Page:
Falcon ROV Conducts Torr Head Tidal Energy Study

Saab Seaeye Falcon ROV spent three days gathering vital benthic data for an impact assessment of a proposed tidal array installation at Torr Head on Northern Ireland’s coast.

Undertaking the assessment project was Marine Ecological Surveys Limited for their client, Tidal Ventures Ltd, who intend developing a 100 megawatt tidal array.

Daniel Brutto, general manager at Marine Ecological Surveys (MESL) explained that a detailed benthic characterisation survey of the habitats and species was necessary to predict the likely impact of the proposed development of the array on the marine environment.

He explains that the survey, apart from being required by government agencies to evaluate the affect of the proposals on the marine environment, also helps engineers refine their plans for site location and determine cable runs by identifying the routes least likely to impact the environment.

He also says that considerable savings in field work costs come from providing such ground-truthing data.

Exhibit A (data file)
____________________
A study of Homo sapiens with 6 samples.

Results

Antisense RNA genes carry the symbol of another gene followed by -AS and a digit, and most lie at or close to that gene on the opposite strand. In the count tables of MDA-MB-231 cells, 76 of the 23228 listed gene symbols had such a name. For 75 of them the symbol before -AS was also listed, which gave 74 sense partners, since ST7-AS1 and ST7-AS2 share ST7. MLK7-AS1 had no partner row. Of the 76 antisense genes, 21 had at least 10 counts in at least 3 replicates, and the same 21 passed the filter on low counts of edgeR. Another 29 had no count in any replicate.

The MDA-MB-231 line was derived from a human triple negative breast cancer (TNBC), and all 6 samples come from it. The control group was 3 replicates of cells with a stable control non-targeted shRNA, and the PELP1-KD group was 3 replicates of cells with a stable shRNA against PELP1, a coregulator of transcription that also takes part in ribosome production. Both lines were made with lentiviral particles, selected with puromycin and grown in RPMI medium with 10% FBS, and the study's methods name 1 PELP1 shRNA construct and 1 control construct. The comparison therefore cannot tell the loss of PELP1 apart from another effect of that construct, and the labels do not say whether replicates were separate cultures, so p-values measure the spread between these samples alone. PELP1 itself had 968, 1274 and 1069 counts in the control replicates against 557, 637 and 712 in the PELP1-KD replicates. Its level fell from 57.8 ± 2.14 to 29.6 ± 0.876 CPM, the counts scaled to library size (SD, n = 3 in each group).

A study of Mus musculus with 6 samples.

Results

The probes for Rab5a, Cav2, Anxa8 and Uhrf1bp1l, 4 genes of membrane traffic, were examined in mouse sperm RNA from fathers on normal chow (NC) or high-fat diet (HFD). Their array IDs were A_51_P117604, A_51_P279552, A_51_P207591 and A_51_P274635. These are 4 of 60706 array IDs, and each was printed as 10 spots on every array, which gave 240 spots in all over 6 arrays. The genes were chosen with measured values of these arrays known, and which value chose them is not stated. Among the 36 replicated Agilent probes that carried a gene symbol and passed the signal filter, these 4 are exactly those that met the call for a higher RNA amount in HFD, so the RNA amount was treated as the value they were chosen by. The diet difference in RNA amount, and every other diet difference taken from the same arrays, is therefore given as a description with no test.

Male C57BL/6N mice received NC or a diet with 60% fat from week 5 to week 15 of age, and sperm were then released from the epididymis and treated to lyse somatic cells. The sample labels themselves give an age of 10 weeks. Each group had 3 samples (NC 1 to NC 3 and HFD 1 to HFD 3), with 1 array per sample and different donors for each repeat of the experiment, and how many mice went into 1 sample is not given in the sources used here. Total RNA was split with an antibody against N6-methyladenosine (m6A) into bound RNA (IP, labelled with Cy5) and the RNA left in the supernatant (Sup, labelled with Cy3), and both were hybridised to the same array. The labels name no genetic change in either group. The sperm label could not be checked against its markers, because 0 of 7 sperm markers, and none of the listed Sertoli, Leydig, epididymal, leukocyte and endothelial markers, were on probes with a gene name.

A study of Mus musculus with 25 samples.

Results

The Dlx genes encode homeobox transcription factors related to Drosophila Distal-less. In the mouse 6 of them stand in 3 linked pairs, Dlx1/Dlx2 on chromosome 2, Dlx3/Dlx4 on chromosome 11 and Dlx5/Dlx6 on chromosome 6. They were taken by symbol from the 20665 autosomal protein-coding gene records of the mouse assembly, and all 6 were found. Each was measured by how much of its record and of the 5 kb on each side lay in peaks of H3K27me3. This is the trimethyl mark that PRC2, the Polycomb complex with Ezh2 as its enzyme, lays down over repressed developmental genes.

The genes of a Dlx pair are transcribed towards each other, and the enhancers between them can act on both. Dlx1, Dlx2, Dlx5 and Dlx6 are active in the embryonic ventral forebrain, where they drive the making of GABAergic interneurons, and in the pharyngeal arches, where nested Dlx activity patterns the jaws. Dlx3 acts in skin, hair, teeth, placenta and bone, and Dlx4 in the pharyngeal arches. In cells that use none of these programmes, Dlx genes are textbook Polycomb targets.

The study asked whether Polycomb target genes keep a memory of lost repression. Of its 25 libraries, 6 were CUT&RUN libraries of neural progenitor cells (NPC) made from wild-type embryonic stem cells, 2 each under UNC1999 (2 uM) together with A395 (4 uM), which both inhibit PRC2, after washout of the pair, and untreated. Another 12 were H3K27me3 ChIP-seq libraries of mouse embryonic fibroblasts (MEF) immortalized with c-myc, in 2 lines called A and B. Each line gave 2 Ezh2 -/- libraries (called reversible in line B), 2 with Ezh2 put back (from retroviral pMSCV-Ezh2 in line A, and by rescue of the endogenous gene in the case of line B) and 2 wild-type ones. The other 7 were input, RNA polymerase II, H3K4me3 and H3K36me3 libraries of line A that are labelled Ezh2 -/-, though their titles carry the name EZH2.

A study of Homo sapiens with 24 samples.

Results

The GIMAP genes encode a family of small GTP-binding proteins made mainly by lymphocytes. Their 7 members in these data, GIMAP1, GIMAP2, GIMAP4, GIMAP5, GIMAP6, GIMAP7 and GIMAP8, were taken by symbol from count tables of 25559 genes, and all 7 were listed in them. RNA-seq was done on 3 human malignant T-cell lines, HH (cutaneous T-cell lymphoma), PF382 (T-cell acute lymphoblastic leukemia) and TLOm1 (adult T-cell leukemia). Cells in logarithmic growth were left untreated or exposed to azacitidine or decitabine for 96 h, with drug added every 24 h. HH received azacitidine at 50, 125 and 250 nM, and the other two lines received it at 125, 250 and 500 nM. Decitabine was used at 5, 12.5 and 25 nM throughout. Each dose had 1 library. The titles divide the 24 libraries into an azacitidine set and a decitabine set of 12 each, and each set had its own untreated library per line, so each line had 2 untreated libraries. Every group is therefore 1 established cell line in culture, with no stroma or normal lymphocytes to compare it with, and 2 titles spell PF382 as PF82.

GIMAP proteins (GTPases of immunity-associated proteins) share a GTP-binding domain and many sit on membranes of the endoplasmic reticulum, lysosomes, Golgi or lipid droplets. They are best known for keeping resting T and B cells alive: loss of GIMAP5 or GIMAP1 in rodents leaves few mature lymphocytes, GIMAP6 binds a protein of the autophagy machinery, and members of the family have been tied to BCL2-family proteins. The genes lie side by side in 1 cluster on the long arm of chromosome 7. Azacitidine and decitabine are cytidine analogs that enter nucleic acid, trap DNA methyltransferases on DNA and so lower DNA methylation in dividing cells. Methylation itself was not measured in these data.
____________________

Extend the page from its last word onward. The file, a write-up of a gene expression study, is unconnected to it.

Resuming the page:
As such tidal sites are chosen for their high-energy nature, they bring challenges in the shape of high winds, high tides and strong wave energies, declares Daniel Brutto.

Consequently, the MESL team had to work within a single neap tide window whilst surveying 40 sites over a three-day period, Saab wrote.

To undertake the project, MESL chose Roving Eye Enterprises, who added a high definition camera to their Falcon ROV and spent the three-day window filming at the 40 locations whilst sending the data topside to a team of MESL marine scientists on board the vessel, who were also directing the survey.

Keith Bichan at Roving Eye said:

“The place is deep and very tidal, with tides running at five metres a second, so we quickly had to learn the slacks and eddies across the 40 locations, and still work in currents running at over two knots.”

Daniel Brutto added that the Falcon ROV was a more effective choice for countering the tidal energies of the site compared to using a dropdown camera. Such a camera would have resulted in shorter operational opportunities, a more prolonged and expensive survey, and lessor quality data.

He concludes that the data gathered by the Falcon has helped their client both in the engineering of the site and in characterising habitats off Torr Head by building an understanding of their complexity and distribution, and by developing an important habitat map of the area.